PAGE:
Regional treatment center closer to reality with lease signing

Published 6:26 pm Thursday, October 27, 2022

Carter County Mayor Patty Woodby serves as chairwoman for the Board overseeing the planning and operation of the treatment center. On Tuesday, she signed the lease agreement between the Board and the State of Tennessee to lease the old prison work camp location in Roan Mountain and returned it to Governor Bill Lee’s office for final approval.
“The hope is that instead of incarceration, we can focus on rehabilitation for our residents,” Woodby said. “We
want to help the families in our community that has been ravaged by drug addiction. It is something that
seems to be tearing families apart in our rural communities.”
“Through recovery, these individuals can return to the community, lead productive lives with their families and
become contributing members of our community,” Woodby added.
The work camp was once part of the Tennessee Department of Correction’s Northeast Correctional Complex housing minimum security inmates. The Complex was closed in 2021 as part of cost-saving measures for the TDOC. After the closure of the complex, local officials and judges began working together to find a way to use the property to benefit the region, and the idea of a regional addiction treatment center was born.
The treatment center will work with the drug recovery courts currently active in the region to identify patients for treatment at the facility.
The facility in Roan Mountain, which is now vacant, contains 180 beds and would be largely beneficial to many recovering addicts by not only serving as a rehabilitation center, but also a place where those individuals can work on their education and learn trades and skills to turn their lives around.
“Our plan is to open the facility in March with 45 patients to start out,” Mayor Woodby said.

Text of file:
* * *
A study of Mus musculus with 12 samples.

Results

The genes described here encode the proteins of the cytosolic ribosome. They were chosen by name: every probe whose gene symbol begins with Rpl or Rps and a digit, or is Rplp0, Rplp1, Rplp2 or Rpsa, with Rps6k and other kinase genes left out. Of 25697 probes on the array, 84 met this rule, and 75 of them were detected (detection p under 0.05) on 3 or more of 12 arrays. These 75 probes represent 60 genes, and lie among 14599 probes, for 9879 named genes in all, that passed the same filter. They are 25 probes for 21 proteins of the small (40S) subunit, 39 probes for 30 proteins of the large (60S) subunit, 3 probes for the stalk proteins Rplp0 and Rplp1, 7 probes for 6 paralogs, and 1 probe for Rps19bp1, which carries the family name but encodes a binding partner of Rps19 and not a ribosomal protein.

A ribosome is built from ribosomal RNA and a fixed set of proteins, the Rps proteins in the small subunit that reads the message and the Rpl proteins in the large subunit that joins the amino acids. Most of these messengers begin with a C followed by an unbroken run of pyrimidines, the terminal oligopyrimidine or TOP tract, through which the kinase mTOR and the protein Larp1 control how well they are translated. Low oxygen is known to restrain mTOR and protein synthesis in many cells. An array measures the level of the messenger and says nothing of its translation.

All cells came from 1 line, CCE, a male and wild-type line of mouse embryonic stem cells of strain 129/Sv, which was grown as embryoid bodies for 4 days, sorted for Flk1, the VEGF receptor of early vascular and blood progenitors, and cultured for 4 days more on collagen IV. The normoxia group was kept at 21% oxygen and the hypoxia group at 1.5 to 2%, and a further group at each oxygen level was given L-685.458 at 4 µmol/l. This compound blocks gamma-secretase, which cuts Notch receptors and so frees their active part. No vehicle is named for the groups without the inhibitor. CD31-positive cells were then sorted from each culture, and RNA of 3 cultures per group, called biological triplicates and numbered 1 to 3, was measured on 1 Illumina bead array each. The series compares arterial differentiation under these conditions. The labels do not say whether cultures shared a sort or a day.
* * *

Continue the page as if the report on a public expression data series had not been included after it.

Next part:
And while the complex will be in Carter County, Woodby said it would serve the region.
“This is a regional approach that allows nine counties an opportunity to have a facility where we can help rehabilitate individuals with a long-term treatment program lasting from 12 to 18 months,” Woodby said. The effort has been spearheaded by Mayor Woodby, other city and county mayors in the region, and judges within the judicial system. The leadership group visited cities and counties in the region to propose the treatment center and ask for local governments to commit to funding to help get it off the ground.
Carter County was the first to sign on to the project when they allocated their entire portion of the settlement in the Baby Doe lawsuit – $1.8 million – to help start the ball rolling. Other local governments joined in the effort to provide funding for the initial start-up. Families Free was awarded a $1.3 million grant from the Tennessee Department of Mental Health and Substance Abuse. This is a reoccurring grant that they will receive each year for operational costs. “I want to thank Governor Lee, members of his administration and our legislators for their support for the regional treatment facility,” Woodby said.